Maghi through Kamalaris’ eyes


Maghe Sakranti, the first day of Magh, marks the onset of warmer days and renewing of one’s faith. Despite the winter chills, people bathe in rivers in the early morning and visit temples of Lord Vishnu.

In Deukhuri, Dang the impoverished Tharu community (Chaudharis) observes the day as Maghi — a day to seal the agreement of employment of Kamaiyas and Kamalaris. When a Tharu daughter turns five, parents send them to work as Kamalaris (housemaid), who will serve her master till she is 14.

“Cunning landowners rendered the Tharus homeless during the land survey of sixties,” said Krishna Kumar Chaudhari, a social motivator.

The Kamlari contract renewal day was fixed on Magh first. “The agreement is usually verbal between a Kamalari’s parents and employer. One has to wait till next Maghi if one wants to renew or terminate it,” said Chaudhari.

The serving Kamalaris pay a big price for the nominal pay they get. They have to wait for another Maghi to see their parents or make a plea for freedom. “No matter how they are treated, it is a deal for a year that cannot be violated,” said Chaudhari.

Karmu Chaudhari, now 14, worked as a Kamalari for one year. She was 10 then. She waited eagerly for Maghi so she could meet her parents and if possible secure freedom. But by the time it was Maghi, her parents were no more.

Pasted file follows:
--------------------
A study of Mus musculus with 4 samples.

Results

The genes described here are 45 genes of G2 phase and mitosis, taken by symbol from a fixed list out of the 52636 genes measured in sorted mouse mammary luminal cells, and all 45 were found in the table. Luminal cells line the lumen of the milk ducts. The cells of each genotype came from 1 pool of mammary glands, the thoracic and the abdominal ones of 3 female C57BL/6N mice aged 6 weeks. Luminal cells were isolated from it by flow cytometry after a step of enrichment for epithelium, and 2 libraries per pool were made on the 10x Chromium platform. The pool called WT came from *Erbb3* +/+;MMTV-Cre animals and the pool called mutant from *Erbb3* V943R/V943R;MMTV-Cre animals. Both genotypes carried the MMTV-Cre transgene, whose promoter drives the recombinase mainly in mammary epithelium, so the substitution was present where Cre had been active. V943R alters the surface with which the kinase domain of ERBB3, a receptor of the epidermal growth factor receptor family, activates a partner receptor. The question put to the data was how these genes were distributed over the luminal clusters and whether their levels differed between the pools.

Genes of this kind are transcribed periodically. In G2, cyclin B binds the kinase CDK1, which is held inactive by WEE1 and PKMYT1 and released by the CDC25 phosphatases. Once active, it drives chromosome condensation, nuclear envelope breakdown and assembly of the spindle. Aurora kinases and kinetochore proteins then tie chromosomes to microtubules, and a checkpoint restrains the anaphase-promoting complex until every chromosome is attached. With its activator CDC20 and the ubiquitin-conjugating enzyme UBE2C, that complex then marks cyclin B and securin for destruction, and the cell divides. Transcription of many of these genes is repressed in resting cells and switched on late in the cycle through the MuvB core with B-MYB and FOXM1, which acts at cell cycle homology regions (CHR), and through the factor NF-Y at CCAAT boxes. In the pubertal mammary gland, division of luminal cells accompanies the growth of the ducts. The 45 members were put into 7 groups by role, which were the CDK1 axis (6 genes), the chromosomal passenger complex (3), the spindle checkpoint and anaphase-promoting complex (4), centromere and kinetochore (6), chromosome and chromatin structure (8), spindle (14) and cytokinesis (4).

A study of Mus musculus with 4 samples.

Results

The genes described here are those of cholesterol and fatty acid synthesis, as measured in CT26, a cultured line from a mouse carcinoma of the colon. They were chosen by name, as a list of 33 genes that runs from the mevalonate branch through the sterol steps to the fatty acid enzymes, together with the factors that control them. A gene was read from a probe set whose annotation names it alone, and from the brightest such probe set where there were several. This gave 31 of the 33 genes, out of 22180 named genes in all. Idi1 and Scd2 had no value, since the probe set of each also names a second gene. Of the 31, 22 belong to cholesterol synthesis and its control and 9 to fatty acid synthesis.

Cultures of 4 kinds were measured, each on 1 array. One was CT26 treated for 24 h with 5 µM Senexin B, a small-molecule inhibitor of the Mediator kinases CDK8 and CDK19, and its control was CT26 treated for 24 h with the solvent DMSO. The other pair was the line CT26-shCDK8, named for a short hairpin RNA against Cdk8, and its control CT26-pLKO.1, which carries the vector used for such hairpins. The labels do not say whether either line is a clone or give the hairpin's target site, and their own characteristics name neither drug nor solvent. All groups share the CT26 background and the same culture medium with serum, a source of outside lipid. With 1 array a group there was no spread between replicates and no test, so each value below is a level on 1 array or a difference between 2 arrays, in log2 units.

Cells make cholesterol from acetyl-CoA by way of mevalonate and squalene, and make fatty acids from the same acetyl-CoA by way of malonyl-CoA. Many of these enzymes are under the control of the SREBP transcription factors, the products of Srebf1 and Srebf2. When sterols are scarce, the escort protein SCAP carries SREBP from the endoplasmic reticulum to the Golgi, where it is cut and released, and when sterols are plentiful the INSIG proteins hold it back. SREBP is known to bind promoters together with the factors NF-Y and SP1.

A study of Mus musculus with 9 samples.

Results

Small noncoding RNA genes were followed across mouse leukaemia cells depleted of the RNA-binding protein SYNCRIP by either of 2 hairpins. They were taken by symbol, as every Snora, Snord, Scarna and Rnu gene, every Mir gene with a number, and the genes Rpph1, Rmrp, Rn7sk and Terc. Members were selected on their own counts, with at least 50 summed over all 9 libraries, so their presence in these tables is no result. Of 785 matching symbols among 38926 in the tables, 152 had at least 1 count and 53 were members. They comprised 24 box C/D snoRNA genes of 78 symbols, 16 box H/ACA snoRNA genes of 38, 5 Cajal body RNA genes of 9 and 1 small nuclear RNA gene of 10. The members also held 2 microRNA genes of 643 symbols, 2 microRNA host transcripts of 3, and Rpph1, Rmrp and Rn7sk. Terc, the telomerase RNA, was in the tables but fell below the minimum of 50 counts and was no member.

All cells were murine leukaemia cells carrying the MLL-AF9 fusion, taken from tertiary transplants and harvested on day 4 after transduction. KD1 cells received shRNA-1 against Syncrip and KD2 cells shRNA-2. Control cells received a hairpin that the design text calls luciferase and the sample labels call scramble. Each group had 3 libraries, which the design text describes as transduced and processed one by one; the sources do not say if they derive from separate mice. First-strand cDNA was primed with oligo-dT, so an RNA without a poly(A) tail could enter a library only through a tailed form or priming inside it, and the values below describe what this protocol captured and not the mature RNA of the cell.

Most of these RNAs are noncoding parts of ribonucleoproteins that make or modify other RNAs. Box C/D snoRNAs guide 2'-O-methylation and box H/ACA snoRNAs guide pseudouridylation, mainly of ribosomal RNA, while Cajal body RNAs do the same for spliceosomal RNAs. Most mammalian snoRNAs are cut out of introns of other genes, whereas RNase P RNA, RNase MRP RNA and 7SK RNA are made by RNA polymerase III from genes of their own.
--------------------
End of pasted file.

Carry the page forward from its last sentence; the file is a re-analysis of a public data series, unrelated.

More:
Karmu secured her freedom last Maghi when the Society Welfare Action Nepal (SWAN) rescued a number of Kamalaris. After a six-month training, Karmu now sews school uniform along with five other rescued Kamalaris in Sishriya. She earns about Rs 1,500 to support her sister (11) and brother (9).

Plan International launched the ‘Kamalari Abolition Project’ to support Kamalari children of Deukhuri valley for their rescue, rehabilitation and development through provision of educational and income-generating activities. Some 800 children have been admitted to schools, and a few have received skill trainings.

“I am told there is an organisation that looks after orphans,” said Karmu referring to Bal Mandir, “I want to become a teacher. I am not too old to go to school, am I?”

Other rescued Kamalaris who work with her are Lalita, Binita and Sita. For them, Maghi was never about merriment, just another bond renewal.

“We had accepted we were destined to be Kamalaris. Many still believe so, but we don’t any longer,” said Binita, who is happy with what she earns now.